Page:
By Sarah Hughes
Once the preserve of Hollywood A-listers and held in small, boutique studios; Barre classes
have now become a staple part of the fitness offer in gyms around the world. The method is
pioneered by industry leaders Barrecore, but other providers have sprung up quickly and you
can access classes in person and online at much more affordable prices than a few years
ago. I’ve been teaching Barre for three years now and not only is it my favourite class to
teach, it’s also the one where I see the quickest results for my clients.
Now if you’ve never tried Barre classes, I hate to break it to you but you’re late to the party!
Marilyn Monroe was a huge fan of ballet-inspired exercise and credited her curves to those
workouts. In recent years celebs like Gwyneth Paltrow, Jennifer Aniston, supermodel Karlie
Kloss (and her whole Victoria’s Secrets show posse) have waxed lyrical about the benefits
of regularly heading to the barre. The fitness craze really kicked up a notch after Natalie
Portman’s hypnotic performance in the film Black Swan, when we all wanted to channel our
So what exactly is Barre fitness?
Look at any Barre company’s website and you’ll find claims that this is the training regime
that will give you long, lean, sculpted muscles, a dancers physique, super strength without
muscular bulk. It’s no wonder then that so many women have been keen to give it a go.
Developed by a prima ballerina, Lotte Berk in 1959 after she injured her back, the vast
majority of the method is based on traditional ballet exercises. The recent resurgence has
seen a developed version of the class which incorporates some Pilates and Yoga principles.
While Barre has its origins in dance; the less coordinated amongst us should not be put off
by that. There is very little choreography (if any), lots of plies and zero pirouetting. Promise.
You’ll typically start with a gentle, mobilising warm-up, progress to some standing work at
the barre which will be all about those legs and glutes and then head on down to the mat for
your core and flexibility work.
Barre is a low impact, high intensity class, which is one of the things that makes it so popular
with women of all ages. Rather than putting stress on the joints as you might in say, a HIIT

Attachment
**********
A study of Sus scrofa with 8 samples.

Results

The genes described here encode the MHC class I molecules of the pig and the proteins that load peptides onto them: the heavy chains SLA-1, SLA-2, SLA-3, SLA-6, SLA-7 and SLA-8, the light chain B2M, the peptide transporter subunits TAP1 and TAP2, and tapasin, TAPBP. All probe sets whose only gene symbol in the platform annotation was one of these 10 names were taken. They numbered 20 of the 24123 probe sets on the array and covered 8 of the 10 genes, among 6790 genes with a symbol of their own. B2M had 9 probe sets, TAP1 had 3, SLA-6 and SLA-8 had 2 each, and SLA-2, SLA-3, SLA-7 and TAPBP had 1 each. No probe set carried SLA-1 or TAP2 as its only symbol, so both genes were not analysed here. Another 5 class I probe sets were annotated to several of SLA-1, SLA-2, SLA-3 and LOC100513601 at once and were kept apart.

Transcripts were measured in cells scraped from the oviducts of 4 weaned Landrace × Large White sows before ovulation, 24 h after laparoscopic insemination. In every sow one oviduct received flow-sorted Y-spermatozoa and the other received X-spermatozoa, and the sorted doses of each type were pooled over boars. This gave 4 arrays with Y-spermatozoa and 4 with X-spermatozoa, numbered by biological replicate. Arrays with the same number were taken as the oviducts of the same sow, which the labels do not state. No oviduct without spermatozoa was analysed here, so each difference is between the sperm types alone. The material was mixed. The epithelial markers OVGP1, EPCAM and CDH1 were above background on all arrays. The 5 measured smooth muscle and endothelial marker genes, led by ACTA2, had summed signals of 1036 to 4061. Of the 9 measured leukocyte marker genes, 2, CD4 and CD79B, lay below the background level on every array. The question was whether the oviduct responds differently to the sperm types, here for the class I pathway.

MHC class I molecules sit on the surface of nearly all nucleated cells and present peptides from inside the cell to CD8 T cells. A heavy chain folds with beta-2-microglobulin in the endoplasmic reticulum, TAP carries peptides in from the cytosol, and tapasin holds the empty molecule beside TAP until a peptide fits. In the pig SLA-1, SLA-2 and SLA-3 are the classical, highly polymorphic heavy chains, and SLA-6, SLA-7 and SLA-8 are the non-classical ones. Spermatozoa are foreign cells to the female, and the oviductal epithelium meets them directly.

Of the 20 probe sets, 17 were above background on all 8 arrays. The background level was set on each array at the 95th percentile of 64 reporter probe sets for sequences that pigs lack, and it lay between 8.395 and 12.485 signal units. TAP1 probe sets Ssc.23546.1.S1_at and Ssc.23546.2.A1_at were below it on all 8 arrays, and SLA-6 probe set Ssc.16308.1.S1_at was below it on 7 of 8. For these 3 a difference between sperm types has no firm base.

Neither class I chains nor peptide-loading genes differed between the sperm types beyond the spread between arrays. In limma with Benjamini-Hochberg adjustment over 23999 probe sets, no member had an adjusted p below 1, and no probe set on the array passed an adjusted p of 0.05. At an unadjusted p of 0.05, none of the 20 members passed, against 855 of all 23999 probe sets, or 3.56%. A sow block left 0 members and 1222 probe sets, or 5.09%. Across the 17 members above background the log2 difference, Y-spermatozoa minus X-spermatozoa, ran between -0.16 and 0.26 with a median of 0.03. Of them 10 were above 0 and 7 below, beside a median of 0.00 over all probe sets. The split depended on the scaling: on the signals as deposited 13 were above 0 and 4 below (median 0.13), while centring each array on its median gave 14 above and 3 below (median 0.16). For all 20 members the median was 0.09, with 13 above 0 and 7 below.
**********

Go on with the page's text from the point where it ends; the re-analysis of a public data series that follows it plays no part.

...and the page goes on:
or Spinning class; Barre focuses all it’s effort on fatiguing the muscles. And fatigue them it
does! Prepare yourself to feel the burn and endure some serious leg shaking.
You’ll see a big difference between Barre and other strength classes due to the fact that
you’ll be working the muscles isometrically. So rather than large compound exercises such
as squats and press-ups, you’ll do higher repetitions of tiny little movements. These small,
pulsing movements allow the muscles to tense up without changing length and are therefore
the best thing you can do to maintain muscular strength.
Barre classes started out as equipment-free, save for the wooden barre itself. However as
the workout has grown in popularity and diversified, the addition of equipment, such as
handweights, ankle weights and soft exercise balls can be introduced to add a challenge.
Why should I try it?
Having been in the fitness industry for almost twenty years now, I find lots of the trends very
ageist. They cater for the young, the super-fit, the injury-free. Not fair eh!?
Barre is much more inclusive than that because of the low impact format. It’s suitable and
adaptable for people with joint problems as well as pre and post-natal clients. Being
overweight is also no barrier to giving Barre a go, in fact the gentle pace means you can
challenge yourself without leaving feeling like you’re very unfit!
There are of course the obvious benefits that come with most forms of regular exercise;
improved coordination, balance, cardiovascular endurance and agility.However one of the
things that is often overlooked when discussing the benefits of Barre workouts is the mind-
body connection it creates. It’s impossible to focus on your worries while perfecting your
arabesque! Barre has been shown to have huge benefits for cognitive and mental health.
Clients tell me all the time that immediately after a barre class they feel de-stressed and
energised and that their concentration and focus is vastly improved in the hours afterwards.
As a teacher, what I particularly love about Barre is that it offers clients a real insight into
how their body works. There is a real opportunity to educate, explain and help each and
every participant get the best out of every workout. It’s intelligent fitness, if you like!
How quickly does it work?
Ahhh… the 64 million dollar question! I’m always so cautious when discussing fitness trends
and techniques not to give into the hype and make too many bold claims.
Barre classes, however, are an exception to that rule. Believe the hype folks. There really is
no better way to see a difference in your shape, strength and balance quickly. I regularly
have clients come up to me gushing about how much better they feel in their clothes, how
they have arm definition ‘for the first time ever’ and how their balance (the part most people
struggle with when first starting out in Barre classes) has suddenly reached a whole new
A disclaimer to this would be that you have to be really dedicated to your Barre journey to
see the benefits in a short period of time. I ask clients to commit to at least three sessions
per week for the first four weeks to give them a nice solid foundation in the method. I won’t
lie to you; it does hurt, there is a lot of soreness (and possibly swearing)… but it does also
become addictive very quickly. Especially when those feel-good endorphins are racing
through the system and you’re starting to see and feel the results in the mirror.